Will Indonesia’s stimulus packages spur its COVID-19 affected economy?
By Associate Professor Pierre van der Eng
Indonesia announced stimulus packages on 25 February, 13 March and 18 March with a total value of US$12 billion (Rp 181 trillion) aimed at keeping Indonesia’s economy ticking over during the COVID-19 pandemic. This is equivalent to 1.1 per cent of GDP in 2019 and 6.5 per cent of the 2020 state budget, indicating the government’s concern about the impact of the pandemic. A further package is being prepared.
Each package contains detailed measures. But they do not specify how the government expects the pandemic to affect Indonesia’s economy and society.
A few things are increasingly beyond dispute.
The rate of infections and deaths will increase rapidly in the coming weeks. Indonesia’s healthcare system will be under enormous strain to accommodate COVID-19 patients. Most symptomatic people will be cared for at home, where they may infect family members. Indonesia’s poor will lack the economic resilience necessary to self-isolate or heed a lockdown when it is called to contain the spread of the virus.
A strong sense of urgency underpins the stimulus packages. They look impressive and testify to the government’s resolve to mitigate an economic slowdown. They comprise of both fiscal measures, such as tax breaks and specific subsidies for companies and individuals, and non-fiscal measures to stimulate exports and imports.
But two factors limit the ability of Indonesia’s government to stimulate the economy.
First, Indonesia’s state budget (US$180 billion in 2020) for a population of 270 million people is similar to the US state of New York’s budget (US$178 billion in 2020) for 20 million people. Much of Indonesia’s budget is earmarked for subventions to local governments for routine spending, which limits discretionary spending options.
Second, both central and regional governments have limited capacity to raise additional funds at short notice. Efforts by the Ministry of Finance to increase the low tax compliance and low income tax revenues in recent years have not been very successful. The scope for additional local taxation is limited.
A major impediment is the law that limits the annual budget deficit to 3 per cent of GDP. President Joko Widodo announced a raising of the limit to 5 per cent on 27 March to fight COVID-19. Still, the cap limits the fiscal stimulus of decreasing taxation and increasing spending, even though the debt-to-GDP ratio is currently around 30 per cent, which is modest from an international perspective.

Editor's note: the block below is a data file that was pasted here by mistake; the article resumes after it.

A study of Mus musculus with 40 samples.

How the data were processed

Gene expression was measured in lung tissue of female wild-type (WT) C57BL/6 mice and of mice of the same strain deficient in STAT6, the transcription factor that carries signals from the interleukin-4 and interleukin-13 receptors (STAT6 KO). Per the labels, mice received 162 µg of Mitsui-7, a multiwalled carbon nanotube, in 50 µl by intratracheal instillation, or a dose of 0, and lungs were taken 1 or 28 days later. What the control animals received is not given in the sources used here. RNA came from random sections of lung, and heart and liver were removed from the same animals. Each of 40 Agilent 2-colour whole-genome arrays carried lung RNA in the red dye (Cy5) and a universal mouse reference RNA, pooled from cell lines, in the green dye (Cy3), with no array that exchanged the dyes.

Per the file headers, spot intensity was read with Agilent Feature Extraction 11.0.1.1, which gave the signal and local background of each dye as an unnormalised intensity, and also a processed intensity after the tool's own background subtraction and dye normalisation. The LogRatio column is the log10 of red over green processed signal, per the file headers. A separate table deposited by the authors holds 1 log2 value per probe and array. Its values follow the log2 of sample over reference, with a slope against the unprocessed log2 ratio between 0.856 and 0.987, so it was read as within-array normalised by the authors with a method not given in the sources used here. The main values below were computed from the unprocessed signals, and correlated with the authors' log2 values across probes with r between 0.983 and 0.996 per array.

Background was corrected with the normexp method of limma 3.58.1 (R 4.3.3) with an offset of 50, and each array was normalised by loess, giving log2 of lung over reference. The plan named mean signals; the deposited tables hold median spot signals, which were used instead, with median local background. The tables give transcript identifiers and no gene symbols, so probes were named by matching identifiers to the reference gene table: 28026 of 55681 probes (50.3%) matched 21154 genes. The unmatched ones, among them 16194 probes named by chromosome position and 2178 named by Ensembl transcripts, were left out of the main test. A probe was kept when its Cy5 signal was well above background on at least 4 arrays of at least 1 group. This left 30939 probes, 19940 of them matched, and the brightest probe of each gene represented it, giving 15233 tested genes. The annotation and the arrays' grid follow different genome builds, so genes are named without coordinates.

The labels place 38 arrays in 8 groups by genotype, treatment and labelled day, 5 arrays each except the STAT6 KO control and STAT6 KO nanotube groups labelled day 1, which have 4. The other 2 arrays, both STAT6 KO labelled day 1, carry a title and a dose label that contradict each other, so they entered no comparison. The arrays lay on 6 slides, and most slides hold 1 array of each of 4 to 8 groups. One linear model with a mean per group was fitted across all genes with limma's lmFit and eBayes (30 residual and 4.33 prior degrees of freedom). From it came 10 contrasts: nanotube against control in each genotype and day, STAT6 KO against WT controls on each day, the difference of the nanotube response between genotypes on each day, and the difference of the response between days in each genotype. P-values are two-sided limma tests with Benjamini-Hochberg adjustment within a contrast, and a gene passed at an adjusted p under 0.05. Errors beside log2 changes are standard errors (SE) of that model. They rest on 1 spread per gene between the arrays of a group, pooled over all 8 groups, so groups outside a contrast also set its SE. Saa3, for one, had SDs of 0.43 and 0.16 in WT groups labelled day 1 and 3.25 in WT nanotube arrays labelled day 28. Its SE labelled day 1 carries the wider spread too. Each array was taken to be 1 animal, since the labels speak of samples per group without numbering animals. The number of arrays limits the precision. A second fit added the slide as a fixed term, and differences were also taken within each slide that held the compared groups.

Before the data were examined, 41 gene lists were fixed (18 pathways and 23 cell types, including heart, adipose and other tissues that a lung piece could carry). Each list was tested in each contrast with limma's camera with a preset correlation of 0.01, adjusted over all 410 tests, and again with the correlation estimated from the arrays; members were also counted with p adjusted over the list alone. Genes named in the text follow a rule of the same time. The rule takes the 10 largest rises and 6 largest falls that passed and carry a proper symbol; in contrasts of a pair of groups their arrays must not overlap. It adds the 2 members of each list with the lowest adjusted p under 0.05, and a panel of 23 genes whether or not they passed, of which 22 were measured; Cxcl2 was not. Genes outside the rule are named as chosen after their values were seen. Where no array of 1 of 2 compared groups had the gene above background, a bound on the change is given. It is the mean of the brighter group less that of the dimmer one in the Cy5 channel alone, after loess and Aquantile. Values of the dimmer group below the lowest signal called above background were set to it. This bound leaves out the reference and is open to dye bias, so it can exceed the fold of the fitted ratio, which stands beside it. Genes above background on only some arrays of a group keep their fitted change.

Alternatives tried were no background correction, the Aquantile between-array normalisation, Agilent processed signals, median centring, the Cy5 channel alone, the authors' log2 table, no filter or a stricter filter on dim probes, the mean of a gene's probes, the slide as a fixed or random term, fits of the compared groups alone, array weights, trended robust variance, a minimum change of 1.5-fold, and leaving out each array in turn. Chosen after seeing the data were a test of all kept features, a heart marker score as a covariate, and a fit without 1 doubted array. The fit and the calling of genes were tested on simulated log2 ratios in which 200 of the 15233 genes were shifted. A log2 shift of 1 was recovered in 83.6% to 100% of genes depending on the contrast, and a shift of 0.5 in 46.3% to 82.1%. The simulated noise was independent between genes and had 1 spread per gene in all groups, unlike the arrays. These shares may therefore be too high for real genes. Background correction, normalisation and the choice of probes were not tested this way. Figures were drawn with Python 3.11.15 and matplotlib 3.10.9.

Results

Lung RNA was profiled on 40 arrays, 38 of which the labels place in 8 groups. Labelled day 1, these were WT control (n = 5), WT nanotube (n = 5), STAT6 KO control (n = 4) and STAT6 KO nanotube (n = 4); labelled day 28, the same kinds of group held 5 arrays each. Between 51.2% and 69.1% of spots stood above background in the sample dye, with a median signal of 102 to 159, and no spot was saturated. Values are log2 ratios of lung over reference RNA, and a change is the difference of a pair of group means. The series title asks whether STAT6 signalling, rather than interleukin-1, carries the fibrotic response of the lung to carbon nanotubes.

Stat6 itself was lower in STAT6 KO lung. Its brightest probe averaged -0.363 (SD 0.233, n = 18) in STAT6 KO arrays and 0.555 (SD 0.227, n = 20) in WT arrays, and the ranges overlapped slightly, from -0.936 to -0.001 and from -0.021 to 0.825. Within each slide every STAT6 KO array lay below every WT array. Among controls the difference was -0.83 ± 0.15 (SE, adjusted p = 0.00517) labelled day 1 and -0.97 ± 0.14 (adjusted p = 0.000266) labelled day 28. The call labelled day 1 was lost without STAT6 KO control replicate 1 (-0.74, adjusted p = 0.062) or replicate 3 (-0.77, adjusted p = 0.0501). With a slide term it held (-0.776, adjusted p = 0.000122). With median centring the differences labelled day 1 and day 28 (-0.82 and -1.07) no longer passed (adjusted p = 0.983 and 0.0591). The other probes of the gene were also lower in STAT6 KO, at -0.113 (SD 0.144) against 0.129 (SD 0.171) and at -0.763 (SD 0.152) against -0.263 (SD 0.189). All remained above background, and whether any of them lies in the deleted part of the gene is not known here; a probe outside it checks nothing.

Indonesia’s stimulus packages contain a range of measures designed to mitigate the economic consequences of the pandemic given these impediments. Not everything in the stimulus packages is new public spending. Part of it is reallocation of budgeted public spending, particularly to boost healthcare. Other parts are non-fiscal and focussed on trade liberalisation.
In addition, Bank Indonesia (BI) is making changes to monetary and financial policy. As foreign portfolio investors rushed out of Indonesia, BI bought more of the government’s debt to finance government expenditure. It may have to buy even more to finance the additional outlay of the stimulus packages. BI is doing what it can to stabilise the exchange rate in the face of capital flight to help constrain the cost of imports. It is also trying to secure the banking system by lowering the policy rate to encourage bank lending.
On the supply side, the pandemic will force many people to stay at home to contain the spread of the virus. This will disrupt supply chains and the availability of products to consumers and companies.
Food logistics agency Bulog has given assurances that its rice stocks will last until the end of 2020. But rice is just one-third of the average calorie intake in Indonesia. Crucial non-rice food distribution will depend on sustained activity in private sector supply chains.
Most companies will face a reduced workforce and disrupted supplies. When their cash flows decrease, they will run down their reserves and cut costs, including dismissing workers. Several aspects of the stimulus packages aim to reduce the burden on companies, such as reducing corporate income tax, so that they survive the coming months.
This may help the formal sector. But the informal sector still employs large numbers of people. Their employers have minimal reserves and will be forced to take remedial action sooner by firing workers. Due to their informal nature, it is hard for government measures to reach them.
On the demand side, increasing economic uncertainty and unemployment will lead to reduced consumer spending. The mainstay of national expenditure is household consumption. The stimulus packages also aim to increase the amount of money in people’s pockets. For example, there will be a six-month income tax exemption for employees in the manufacturing sector with incomes up to around US$12,500.
Another way to encourage consumer spending that is absent from the stimulus packages is to increase Indonesia’s income tax threshold. This seems appealing, but it would not be relevant to the majority of Indonesian workers who are employed in the informal sector and who generally do not pay income tax. For some 15 million of Indonesia’s poorest households that essentially live hand-to-mouth, the packages contain subsidies for basic needs.
The litmus test of the combined stimulus packages will be whether they can successfully encourage households to maintain consumer spending in the uncertain environment caused by the pandemic.
Pierre van der Eng is Associate Professor of International Business at the ANU Research School of Management.
This article was originally published in East Asia Forum and has been republished here under the Creative Commons license.